Page 41 - WTP Vol. VIII #3
P. 41

 Oh, please. He was interested and you played along. How did I play along?
You were both pretty cozy in the garden.
Wait. You were watching us?
I had to determine if I was leaving alone. I mean isn’t the possibility of meeting someone the reason we at- tend these parties in the first place?
Marcie had no comment.
Jen then said, Driver, what do you think?
Heat coursed up my neck and I almost said, What? I wasn’t listening. But instead I told her that I had no opinion.
Even having no opinion is a choice, Jen told me. You’re still taking action. She then said to Marcie, This isn’t sexual harassment, but if you want to put in a compliant then go ahead. But wait until morning when you can see things clearly.
Whose side are you on, Jen? We have a right to speak up.
Yes, and it’s good that we have. But you have to dis- cern intention and not jump to conclusions. Did he force you into anything you didn’t want to do? I don’t think so.
This didn’t happen to you. You wouldn’t be question- ing me if you were in my position.
Look, all I’m asking you to do is think before you act, alright? Self-assertion has a place if it’s not misused, but we can’t take other people down just because we think we're right. Some of us are out to punish men for decades of bad behavior, and I’m not saying that
a lot of them don’t deserve it. But what you have to consider is the gulf that’s being created between men and women which does none of us any good. Trust is at issue here and it will vanish unless we all use com- mon sense.
Jen let that settle and in the mirror I saw Marcie star- ing glassy-eyed and pouting. Jen then said, There’s a meanness running through society right now and I want no part of it. You have to be fair-minded. Any- one can jump on a bandwagon. It takes courage to look at the question from both sides and come to a sensible conclusion. Communication, Marcie, com- munication.
There’s usually a spike in calls when the taverns close, my fares usually concerning the gruelingly ine- briated. I thought the fare I had west of the freeway along an avenue running to the ocean was, at first glance, one of them, the man raising his hand and moving toward me in his three-piece suit. He fell into the backseat and mumbled something I didn’t catch and I waited for him to begin snoring. With effort he managed to give me an address in a nearby beach town, saying he didn’t want to drive in the condition he was in. I told him that was wise and put the car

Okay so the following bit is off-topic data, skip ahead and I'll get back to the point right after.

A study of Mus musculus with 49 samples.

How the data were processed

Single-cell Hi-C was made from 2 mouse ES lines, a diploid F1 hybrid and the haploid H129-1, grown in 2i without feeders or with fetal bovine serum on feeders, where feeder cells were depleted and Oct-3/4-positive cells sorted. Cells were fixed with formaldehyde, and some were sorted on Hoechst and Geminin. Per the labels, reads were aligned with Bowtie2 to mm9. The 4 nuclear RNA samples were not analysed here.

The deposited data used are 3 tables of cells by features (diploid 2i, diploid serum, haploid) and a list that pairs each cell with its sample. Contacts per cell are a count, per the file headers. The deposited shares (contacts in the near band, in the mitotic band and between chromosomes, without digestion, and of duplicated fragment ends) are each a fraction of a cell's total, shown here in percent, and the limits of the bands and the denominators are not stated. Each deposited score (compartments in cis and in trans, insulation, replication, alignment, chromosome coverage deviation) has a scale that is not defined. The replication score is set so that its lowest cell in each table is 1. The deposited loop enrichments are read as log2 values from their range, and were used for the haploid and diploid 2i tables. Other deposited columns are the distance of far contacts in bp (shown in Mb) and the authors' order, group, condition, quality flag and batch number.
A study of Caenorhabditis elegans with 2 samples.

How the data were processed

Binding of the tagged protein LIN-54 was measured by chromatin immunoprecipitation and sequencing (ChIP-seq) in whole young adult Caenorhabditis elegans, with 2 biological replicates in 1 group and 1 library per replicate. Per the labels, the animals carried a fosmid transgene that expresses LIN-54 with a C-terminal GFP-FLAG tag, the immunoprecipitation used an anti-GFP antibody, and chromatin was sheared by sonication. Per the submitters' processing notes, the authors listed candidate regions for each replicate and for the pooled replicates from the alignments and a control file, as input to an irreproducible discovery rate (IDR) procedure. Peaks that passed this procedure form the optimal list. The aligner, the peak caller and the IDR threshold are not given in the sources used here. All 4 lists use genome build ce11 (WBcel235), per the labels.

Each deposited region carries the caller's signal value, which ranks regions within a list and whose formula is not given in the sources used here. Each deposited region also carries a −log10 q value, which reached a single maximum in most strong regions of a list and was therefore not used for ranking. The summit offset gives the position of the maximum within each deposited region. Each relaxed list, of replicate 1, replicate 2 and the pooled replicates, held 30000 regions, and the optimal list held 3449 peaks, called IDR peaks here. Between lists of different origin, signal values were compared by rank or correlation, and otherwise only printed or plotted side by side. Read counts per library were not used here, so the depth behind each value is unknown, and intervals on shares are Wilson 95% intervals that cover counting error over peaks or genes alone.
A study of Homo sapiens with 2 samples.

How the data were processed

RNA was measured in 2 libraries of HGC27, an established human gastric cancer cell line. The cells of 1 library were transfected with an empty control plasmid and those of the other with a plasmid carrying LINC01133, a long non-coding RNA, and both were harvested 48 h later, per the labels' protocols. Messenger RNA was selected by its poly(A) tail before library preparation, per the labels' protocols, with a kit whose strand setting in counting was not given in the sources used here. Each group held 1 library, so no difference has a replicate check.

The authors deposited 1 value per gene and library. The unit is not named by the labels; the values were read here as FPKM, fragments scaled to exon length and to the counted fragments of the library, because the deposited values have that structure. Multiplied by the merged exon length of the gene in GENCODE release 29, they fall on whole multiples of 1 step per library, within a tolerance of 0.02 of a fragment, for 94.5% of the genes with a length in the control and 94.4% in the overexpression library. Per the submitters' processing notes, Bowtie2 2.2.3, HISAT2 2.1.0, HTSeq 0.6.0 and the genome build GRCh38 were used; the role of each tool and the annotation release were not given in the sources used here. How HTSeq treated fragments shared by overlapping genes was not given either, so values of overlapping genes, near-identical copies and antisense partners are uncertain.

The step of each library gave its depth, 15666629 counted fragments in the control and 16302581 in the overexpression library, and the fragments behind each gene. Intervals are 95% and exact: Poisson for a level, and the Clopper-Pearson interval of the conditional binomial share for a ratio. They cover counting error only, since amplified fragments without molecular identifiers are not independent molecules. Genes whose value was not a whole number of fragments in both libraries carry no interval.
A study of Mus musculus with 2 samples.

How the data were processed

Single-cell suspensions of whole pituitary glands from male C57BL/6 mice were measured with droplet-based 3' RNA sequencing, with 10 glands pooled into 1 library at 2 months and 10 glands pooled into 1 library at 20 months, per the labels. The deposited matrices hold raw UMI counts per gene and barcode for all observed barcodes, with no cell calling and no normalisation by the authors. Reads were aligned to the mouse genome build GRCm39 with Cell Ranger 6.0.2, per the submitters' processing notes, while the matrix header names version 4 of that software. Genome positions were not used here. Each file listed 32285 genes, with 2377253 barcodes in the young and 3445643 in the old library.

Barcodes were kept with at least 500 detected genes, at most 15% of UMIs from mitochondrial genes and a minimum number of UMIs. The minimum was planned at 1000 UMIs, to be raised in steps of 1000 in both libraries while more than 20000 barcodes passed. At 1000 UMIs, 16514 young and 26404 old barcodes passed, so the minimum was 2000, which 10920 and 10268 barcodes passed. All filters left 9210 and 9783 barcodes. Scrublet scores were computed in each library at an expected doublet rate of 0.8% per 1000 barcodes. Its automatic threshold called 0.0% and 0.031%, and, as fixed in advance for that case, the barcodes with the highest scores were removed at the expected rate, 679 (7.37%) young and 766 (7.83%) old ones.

in gear before asking him to buckle his seatbelt. He searched around for it then pulled it too tight, cinch- ing it and causing it to lock. I waited while this simple task became a chore before he finally managed to bind himself in.
I headed toward the coast and the few minutes of silence nearly confirmed he had dropped off until I saw him chugging one of those energy drinks, after which he said with more alacrity than I would have imagined, You ever been fired?
Unfortunately, I knew what it was like to suddenly become an ex-employee. In this town once you’re la- belled as cautionary, questioning, contrary, no studio or production company want your services. There’s a very real black list that exists and if you’re on it then power brokers consider you persona non grata. My dismissal was one of the triggers that led Deanna to decide she needed space to think.
It’s effed up, my passenger said. People you work with for years turn their back on you. Want nothing to do with you. You help make a company a success, but does it matter? Means nothing. The wife’s going to have a fit.
I remained silent, as he went on.
I did a favor for a colleague who had an emergency and showed a house to a client of hers. Simple enough, right? The buyer was your high-end type
and I did my best to point out the desirability of the location in our over-heated market, told her the house would be snatched up in a blink. She asked if that accounted for the price. Going rate, you know?
I showed her the view and she jangled her jewelry, smiled and glanced at the neighbor’s proximity on their slightly elevated perch. She said she expected more privacy. I suggested putting in a hedge or maybe a few trees. Or you can invite them over, I said. She gave me a curious look.